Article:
How to Start Your Own Investment Club
Ever fancied taking on the investment professionals at their own game? Increasing numbers of older investors are shunning equity funds and investing in the stock market directly through investment clubs. So how do investment clubs work and what do you need to know before starting up your own club?
Why Start an Investment Club?Many people find themselves in a bit of a dilemma when it comes to investing. There are thousands of companies listed on the UK stock market alone, and finding the best ones to invest in takes a lot of time, research and money.
That’s why most people pay fund managers to do the hard work on their behalf. However, the performance of even the most highly rated funds can be mixed. Fund managers have good years and bad years.
To make matters worse, fund management companies charge large fees to run your money for you, so chances are that whatever returns you get, some of them will be handed back to the fund manager in performance fees.
The Perils of Going it AloneSo if an investment fund isn’t to your liking, what are the alternatives? You could always just invest in companies yourself. The problem with this approach, however, is that you will need a lot of resources, or in other words money, to make this a cost-effective strategy, especially if you are aiming to create a well-diversified portfolio consisting of a variety of different shares from companies in different sectors. That’s why investment clubs are proving so popular.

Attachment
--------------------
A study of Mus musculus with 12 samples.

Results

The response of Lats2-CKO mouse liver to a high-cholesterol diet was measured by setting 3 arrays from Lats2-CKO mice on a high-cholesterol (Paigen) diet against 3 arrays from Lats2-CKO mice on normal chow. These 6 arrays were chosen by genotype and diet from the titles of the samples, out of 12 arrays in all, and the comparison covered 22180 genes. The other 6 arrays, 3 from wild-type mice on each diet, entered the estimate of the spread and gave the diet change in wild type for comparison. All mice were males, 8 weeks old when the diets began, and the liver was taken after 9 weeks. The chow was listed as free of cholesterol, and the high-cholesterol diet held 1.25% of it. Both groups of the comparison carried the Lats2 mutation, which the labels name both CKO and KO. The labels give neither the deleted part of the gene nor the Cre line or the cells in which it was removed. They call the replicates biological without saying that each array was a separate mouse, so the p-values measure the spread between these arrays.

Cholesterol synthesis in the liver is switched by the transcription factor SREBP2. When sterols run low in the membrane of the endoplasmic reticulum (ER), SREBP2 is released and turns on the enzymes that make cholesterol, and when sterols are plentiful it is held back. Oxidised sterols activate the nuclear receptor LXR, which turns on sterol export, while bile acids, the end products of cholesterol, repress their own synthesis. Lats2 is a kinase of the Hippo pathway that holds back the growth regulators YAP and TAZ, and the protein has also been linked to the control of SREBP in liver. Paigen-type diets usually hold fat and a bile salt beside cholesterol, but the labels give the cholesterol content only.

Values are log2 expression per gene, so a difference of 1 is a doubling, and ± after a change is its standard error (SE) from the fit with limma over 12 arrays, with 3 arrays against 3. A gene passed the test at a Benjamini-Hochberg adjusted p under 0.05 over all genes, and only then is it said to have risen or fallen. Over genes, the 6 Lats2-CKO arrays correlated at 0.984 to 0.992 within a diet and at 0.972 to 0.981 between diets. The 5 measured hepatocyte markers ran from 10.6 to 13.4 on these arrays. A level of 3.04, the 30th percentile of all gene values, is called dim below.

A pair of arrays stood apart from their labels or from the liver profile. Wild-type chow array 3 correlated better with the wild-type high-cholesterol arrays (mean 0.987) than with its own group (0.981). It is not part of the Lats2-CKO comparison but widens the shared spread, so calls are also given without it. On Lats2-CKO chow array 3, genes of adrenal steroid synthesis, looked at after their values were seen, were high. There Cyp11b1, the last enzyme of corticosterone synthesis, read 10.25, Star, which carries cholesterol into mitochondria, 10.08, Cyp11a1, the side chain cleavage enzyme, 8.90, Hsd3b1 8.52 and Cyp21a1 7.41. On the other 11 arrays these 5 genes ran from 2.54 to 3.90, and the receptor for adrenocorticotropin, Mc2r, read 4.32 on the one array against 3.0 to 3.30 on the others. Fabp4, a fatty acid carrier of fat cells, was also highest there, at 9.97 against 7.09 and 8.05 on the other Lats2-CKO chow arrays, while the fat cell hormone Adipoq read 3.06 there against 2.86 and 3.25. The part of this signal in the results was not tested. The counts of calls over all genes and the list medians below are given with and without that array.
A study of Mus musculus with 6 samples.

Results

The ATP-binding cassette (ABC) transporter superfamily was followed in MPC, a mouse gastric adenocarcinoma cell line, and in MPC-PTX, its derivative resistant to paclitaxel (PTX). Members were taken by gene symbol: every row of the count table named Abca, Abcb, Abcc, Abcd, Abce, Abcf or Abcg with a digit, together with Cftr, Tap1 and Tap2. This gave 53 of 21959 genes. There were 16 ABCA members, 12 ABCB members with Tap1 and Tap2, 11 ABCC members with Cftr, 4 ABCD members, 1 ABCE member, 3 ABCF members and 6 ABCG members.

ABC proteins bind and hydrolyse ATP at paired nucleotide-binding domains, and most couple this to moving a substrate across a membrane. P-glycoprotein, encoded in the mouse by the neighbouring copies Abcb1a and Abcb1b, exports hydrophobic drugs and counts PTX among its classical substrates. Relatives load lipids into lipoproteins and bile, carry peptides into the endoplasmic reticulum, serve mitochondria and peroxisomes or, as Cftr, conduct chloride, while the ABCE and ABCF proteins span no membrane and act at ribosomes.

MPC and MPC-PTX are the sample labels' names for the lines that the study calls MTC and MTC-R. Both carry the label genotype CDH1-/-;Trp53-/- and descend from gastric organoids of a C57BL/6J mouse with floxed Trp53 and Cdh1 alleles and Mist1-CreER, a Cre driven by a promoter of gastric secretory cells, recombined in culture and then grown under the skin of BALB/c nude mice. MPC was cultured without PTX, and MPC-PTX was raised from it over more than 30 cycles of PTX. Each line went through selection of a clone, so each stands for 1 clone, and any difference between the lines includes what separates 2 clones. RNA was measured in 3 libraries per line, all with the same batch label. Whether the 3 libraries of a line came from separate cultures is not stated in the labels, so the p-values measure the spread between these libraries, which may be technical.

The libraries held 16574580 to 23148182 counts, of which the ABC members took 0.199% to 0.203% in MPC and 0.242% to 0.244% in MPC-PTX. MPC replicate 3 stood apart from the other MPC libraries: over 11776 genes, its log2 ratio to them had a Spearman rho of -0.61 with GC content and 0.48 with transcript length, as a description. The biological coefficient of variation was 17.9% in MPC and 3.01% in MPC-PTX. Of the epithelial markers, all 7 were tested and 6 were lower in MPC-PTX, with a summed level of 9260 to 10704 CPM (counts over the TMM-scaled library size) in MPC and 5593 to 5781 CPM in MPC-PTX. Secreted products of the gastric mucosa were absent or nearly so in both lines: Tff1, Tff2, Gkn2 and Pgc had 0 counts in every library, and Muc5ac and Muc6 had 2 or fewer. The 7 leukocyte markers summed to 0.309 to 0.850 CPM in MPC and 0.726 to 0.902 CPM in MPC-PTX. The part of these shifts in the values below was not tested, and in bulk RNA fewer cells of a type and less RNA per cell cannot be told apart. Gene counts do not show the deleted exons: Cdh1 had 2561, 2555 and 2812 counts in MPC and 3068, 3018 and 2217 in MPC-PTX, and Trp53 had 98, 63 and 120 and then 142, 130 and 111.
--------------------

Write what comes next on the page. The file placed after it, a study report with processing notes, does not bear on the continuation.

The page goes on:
The Benefits of Being in a ClubInvestment clubs enable their members to pool their resources and generate better returns from the stock market. All you need is a few like-minded people, perhaps family members, friends, neighbours or work colleagues who are willing to share their investment ideas and put their money where their mouths are.
How to Get StartedFirst, you’ll need to pool your resources. If, for example, you have a club consisting of ten people, then we would suggest putting at least £1,000 into each company in which you choose to invest. With each club member only paying £100 the risk is minimal and each of you will only be paying a tenth of the transaction charges associated with buying shares.
A club can also share the workload when it comes to company research and, perhaps more importantly, you can share your thoughts and opinions on different companies before you decide to invest. This is a far more level-headed approach to investing instead of simply making quick decisions based on instinct or in order to make a quick profit.